A seventh case of coronavirus (COVID-19) in B.C. was announced this morning (Monday) and it reveals the fine line health officials are trying to walk between informing the public and not inducing panic.
I understand this isn’t easy, but health officials are going too far in their restraint.
B.C.'s top medical health officer, Dr. Bonnie Henry, would only say that the latest case is a person who lives in the “Fraser Health” region. Well, that covers a lot of ground, including Burnaby. Fraser Health stretches from Delta in the west, to Hope in the east and White Rock to the south.
Reporters have asked multiple times in the past few weeks to simply list the home community, but Henry has, so far, refused to do that.
I think that’s a mistake. Saying the case is in Richmond or Burnaby or Surrey will not identify that person, if that’s the concern. It also won’t produce the kind of panic we’ve seen with some people online.
If anything, naming the specific community would cut down on the kind of reckless speculation that happens when health officials aren’t specific.
People spreading rumours online will only speculate more when there’s isn’t a specific community listed. Not saying the community also makes all residents in Fraser Health worry more because they don’t know if it’s in their town.
I just haven’t heard a solid argument for not just saying where it is. I get that health officials are being cautious – and I respect that – but I don’t think this is helping the situation.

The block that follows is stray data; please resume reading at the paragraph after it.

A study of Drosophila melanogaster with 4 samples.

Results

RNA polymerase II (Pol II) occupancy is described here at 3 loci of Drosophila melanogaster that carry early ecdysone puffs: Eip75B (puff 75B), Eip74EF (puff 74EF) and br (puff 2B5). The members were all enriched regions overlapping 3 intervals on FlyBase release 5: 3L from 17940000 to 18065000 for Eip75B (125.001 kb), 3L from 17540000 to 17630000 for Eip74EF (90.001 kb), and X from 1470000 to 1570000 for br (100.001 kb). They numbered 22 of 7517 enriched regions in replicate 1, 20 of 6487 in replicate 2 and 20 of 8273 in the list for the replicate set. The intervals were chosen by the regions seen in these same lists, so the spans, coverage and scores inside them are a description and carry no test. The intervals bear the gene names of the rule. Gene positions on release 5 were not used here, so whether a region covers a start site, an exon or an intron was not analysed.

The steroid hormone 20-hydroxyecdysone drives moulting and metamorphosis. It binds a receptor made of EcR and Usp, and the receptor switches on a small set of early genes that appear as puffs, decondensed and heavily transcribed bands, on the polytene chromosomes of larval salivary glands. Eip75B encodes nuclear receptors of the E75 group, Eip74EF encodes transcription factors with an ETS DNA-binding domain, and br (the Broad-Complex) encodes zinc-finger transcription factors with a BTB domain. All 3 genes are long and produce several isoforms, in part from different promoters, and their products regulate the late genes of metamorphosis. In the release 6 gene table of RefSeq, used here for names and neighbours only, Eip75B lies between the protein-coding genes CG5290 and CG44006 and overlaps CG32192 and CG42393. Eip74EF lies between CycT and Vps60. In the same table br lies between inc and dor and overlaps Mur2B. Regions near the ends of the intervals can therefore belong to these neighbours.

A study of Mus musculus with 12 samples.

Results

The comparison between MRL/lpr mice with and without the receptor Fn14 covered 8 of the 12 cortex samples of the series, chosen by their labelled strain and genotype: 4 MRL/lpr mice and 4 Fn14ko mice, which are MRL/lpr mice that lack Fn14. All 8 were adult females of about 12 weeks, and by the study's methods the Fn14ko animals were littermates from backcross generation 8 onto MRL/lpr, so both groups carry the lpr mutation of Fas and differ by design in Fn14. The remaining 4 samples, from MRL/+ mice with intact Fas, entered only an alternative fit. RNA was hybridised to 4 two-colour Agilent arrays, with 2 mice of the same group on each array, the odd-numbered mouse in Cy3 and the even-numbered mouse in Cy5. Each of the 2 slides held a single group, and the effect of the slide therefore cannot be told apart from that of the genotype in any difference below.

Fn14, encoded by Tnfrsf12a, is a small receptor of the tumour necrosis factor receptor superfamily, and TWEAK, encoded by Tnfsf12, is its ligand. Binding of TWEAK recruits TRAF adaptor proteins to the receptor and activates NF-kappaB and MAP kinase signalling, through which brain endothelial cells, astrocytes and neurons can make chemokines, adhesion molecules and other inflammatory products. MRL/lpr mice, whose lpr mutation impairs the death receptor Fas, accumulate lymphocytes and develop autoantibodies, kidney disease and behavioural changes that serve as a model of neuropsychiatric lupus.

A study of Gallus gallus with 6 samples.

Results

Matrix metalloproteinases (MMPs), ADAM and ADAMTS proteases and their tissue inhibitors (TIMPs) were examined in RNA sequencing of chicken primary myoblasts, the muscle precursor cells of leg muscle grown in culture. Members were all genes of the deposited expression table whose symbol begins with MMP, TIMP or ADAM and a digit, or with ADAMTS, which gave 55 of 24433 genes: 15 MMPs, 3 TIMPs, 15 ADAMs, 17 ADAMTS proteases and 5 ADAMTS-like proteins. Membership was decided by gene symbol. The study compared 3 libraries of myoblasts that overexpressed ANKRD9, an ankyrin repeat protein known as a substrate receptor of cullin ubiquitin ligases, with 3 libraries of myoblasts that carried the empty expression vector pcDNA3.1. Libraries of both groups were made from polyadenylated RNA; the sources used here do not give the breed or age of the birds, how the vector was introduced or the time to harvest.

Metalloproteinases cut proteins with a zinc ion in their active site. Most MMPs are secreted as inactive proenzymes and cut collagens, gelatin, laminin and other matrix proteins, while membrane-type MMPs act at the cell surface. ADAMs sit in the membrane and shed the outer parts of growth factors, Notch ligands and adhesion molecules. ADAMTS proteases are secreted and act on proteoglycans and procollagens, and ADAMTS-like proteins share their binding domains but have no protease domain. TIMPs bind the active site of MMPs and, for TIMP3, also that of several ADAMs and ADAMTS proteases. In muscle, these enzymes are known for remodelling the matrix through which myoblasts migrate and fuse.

Now, having said this, health officials were correct in how they are handling the issue of the flight that the sixth case took on.
Asked why the authorities are not naming the flight the sixth case took on Feb. 14 from Montreal to Vancouver, Henry said the release of information is a fine balance between ensuring they get in contact with everyone who has had close contact with the case and privacy.
“When we first announced (the sixth case), there was some confusion about which flight (she was on),” said Henry. “But we were able to obtain the flight’s manifest and identify people who may have been in close contact with her on that flight.
“We then assess the risks about how she moved around and, if we had concerns, we would have put (more information) out publicly.
“We are confident that we were able to identify someone who may be at risk.”
Releasing that kind of specific information would have been a mistake and Henry offered a good explanation.
When it comes to a patient’s home community, however, I haven’t heard an equally compelling argument.
- With files from the Richmond News.
Follow Chris Campbell on Twitter @shinebox44.